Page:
Their plot worked perfectly.
Harvard scientists on Monday conspired with one of the nation’s top barbecue chefs to slip some science into his cherry-wood-smoked pork ribs. The academic bits came compliments of David Weitz and Pia Sörensen, organizers of the 13-year-old “Science and Cooking” lecture series. Its latest installment Monday evening was a damp and smoky, affair that, despite the threat of rain, lured an audience of about 80 of the barbecue-curious to the patio outside Harvard’s Laboratory for Integrated Science and Engineering.
The smoke came compliments of Bryan Furman, an Atlanta pitmaster who in 2019 was named one of Food and Wine magazine’s best new chefs. Furman, whose appearance Monday was an encore from a year earlier, is a former welder who has blended his knowledge of the transformative power of heat with an appreciation for the heritage hogs raised on his grandparents’ South Carolina farm, where he spent time growing up.
Furman said science was one of his favorite subjects, but his teachers weren’t able to make it as accessible, practical — and alluring — as he aimed to make his talk, “The Thermodynamics of Barbecue.” Barbecue, he said, could be used as a medium to teach not just science, but art and business as well.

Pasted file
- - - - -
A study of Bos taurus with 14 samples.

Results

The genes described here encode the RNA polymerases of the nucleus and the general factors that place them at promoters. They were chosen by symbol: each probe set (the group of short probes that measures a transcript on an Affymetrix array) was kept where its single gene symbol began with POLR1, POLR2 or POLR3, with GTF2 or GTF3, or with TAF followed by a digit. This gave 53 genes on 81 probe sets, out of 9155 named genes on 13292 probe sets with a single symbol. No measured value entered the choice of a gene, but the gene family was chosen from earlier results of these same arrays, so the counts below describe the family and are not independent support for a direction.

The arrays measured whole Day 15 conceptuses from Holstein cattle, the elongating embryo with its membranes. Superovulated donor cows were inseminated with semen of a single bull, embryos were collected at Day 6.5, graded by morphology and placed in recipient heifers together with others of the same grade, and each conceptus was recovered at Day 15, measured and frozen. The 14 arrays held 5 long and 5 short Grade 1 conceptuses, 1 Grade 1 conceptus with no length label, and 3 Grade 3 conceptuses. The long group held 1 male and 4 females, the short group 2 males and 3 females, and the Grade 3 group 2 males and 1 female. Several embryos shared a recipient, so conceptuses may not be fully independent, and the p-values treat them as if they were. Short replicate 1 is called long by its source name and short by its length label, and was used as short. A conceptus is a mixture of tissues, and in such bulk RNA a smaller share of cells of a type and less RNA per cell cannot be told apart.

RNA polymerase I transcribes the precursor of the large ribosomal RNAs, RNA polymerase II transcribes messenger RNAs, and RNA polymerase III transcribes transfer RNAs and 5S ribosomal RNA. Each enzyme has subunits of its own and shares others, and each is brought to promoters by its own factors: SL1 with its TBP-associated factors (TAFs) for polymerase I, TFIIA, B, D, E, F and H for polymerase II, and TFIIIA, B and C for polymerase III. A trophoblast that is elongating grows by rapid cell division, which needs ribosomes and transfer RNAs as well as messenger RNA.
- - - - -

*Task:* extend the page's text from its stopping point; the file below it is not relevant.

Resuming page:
“This wasn’t what they were talking about when I was in school,” Furman said. “When you’re teaching students like this, it keeps them more involved and interested, compared to just sitting in class.”
Weitz, Mallinckrodt Professor of Physics and Applied Physics at the Harvard John A. Paulson School of Engineering and Applied Sciences, kicked off the session with some scientific basics, describing diffusion of compounds and heat, both of which work to impart texture and flavor during the smoking process. He also offered a “Science and Cooking” standard: the equation of the week, which elicited appreciative applause. This particular one describes the distance that heat diffuses into a substance, L=√4Dt, where L is the distance heat diffuses, t is the time heat has to work, and D is the substance’s diffusion coefficient.
Weitz noted that the diffusion coefficients were similar for several very different foods — beef, strawberries, chicken, potatoes, and water — mainly because water is a major component of each.